American Airlines and Delta are shifting gears, putting more focus on their cargo business.
While Dallas/Fort Worth-based American is set to double its cargo flights in September, Delta is getting ready to remove seats from widebody planes to maximise payload capability.
American plans to operate more than 1,000 cargo flights next month – more than double this month’s tally – serving a network of 32 cities, more than supplementing the cargo revenue from the more than 1,200 passenger flights it has scheduled for September.
The carrier was relatively slow to build up its cargo flights; having started in March with 20 moves to two destinations, it gradually built up the operation. Between late March and mid-July, it ran 1,224 cargo missions, moving in excess of 22,500 tons of cargo.
“We didn’t have a playbook. We’d never done this before,” said Maulin Vakil, director of cargo revenue at the time. “We began to explore how much cargo we could take if we couldn’t transport passengers.”
Rival United Airlines was faster out of the starting blocks, and rapidly scaled up its cargo flights to a sizeable network, with 270 flights a week, connecting more than 20 airports. Between late March and the end of June it carried out 3,800 flights, hauling 102,000 tons.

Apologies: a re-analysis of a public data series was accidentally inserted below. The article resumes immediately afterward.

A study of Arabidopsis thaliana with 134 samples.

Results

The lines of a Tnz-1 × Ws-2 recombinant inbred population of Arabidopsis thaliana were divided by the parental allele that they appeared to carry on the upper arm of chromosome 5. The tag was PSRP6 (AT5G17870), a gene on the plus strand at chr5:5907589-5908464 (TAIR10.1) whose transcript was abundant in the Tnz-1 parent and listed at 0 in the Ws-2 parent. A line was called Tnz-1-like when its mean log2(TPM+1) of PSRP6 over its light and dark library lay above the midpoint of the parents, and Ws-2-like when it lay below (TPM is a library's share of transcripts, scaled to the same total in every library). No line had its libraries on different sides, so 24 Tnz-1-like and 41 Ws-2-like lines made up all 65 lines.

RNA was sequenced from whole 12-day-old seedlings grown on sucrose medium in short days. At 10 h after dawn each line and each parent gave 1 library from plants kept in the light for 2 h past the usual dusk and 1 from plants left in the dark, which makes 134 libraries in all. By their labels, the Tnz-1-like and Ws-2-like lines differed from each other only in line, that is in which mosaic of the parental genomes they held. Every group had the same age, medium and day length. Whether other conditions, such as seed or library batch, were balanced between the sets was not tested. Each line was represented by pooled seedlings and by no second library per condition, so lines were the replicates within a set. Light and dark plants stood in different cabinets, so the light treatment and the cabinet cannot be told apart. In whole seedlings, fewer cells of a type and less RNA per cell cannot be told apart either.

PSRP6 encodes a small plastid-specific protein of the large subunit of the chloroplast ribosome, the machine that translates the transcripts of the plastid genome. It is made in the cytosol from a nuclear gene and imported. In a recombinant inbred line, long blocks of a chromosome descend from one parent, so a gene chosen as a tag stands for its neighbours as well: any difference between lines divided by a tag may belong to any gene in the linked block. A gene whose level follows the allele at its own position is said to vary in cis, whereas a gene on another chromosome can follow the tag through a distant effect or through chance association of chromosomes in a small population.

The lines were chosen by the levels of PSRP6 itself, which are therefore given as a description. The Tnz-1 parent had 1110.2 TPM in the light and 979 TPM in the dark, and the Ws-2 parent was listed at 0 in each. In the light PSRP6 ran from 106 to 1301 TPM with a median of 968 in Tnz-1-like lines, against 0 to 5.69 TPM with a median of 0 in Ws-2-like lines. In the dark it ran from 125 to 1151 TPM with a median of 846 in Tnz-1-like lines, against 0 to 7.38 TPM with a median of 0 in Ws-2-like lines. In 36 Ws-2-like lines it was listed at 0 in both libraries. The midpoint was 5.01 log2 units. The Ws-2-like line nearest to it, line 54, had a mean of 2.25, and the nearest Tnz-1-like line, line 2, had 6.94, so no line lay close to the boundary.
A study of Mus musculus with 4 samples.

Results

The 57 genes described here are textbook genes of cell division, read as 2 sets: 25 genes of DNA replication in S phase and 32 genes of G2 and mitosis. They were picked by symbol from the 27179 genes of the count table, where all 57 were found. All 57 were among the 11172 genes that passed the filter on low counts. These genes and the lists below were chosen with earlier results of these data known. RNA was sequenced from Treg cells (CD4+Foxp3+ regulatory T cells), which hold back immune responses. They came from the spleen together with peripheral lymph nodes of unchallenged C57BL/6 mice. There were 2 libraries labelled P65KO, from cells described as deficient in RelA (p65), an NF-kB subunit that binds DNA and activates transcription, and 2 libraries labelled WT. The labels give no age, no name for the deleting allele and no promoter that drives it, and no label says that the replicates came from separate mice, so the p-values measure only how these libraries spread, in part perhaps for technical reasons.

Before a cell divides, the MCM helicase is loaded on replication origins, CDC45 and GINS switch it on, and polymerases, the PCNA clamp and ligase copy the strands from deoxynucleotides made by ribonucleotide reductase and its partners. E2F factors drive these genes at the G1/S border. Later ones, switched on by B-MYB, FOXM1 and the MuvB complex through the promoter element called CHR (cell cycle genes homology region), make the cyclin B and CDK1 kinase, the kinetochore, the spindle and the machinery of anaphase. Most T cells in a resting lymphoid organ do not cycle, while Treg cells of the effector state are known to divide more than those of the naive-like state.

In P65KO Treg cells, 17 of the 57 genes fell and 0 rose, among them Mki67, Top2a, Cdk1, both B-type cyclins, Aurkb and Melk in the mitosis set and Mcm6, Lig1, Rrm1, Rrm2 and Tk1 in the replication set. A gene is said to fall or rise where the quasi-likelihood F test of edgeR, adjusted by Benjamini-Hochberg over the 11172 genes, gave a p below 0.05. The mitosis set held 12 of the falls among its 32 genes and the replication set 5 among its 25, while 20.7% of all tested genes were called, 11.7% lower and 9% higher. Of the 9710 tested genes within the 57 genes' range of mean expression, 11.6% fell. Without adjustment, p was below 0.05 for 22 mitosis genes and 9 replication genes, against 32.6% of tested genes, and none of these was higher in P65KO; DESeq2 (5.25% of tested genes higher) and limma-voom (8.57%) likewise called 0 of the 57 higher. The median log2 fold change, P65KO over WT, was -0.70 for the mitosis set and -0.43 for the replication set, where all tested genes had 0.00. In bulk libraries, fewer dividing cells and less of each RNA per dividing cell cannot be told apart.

This generated cargo revenues of $402m in the second quarter for United, up 36.3% year on year, while passenger revenues plummeted 87%, resulting in a $1.6bn net loss.
In contrast, American’s cargo revenue in the quarter amounted to $130m, down 41% year on year. Delta reported $108m in cargo revenue for the period, a drop of 41.9%.
United Cargo president Jan Krems has signalled that his outfit would continue its cargo flights, pointing to a global shortage of capacity which should keep yields relatively high, albeit lower than in April and March when PPE charters commanded stratospheric rates. Apparently, American and Delta have come to a similar conclusion.
There are also hopes among airline executives that new product launches and the introduction of Covid-19 vaccine will create surges in demand to lift yields further.
Moreover, the restart of passenger flights has been hit by new surges in Covid-19 infections, which forced carriers to scale back their expansion, auguring further pain in the passenger business. During its Q2 earnings call last month, American CEO Doug Parker said the airline would continue to downsize while business and leisure travel remained depressed.
Delta, meanwhile, is poised to remove seats from a number of passenger widebodies and has submitted the requisite documents to the US Federal Aviation Administration (FAA) for certification. The airline has not disclosed how many planes it intends to modify.
The US overall has been slow to move on this front: it was not until July that the FAA gave its blessing to airlines taking out seats and transporting cargo in the cabin. Air Canada started cargo flights with seatless B777s in mid-April, having obtained approval from Canadian authorities within a week.
United and American have studied the concept, but say that so far they do not want to pursue this avenue.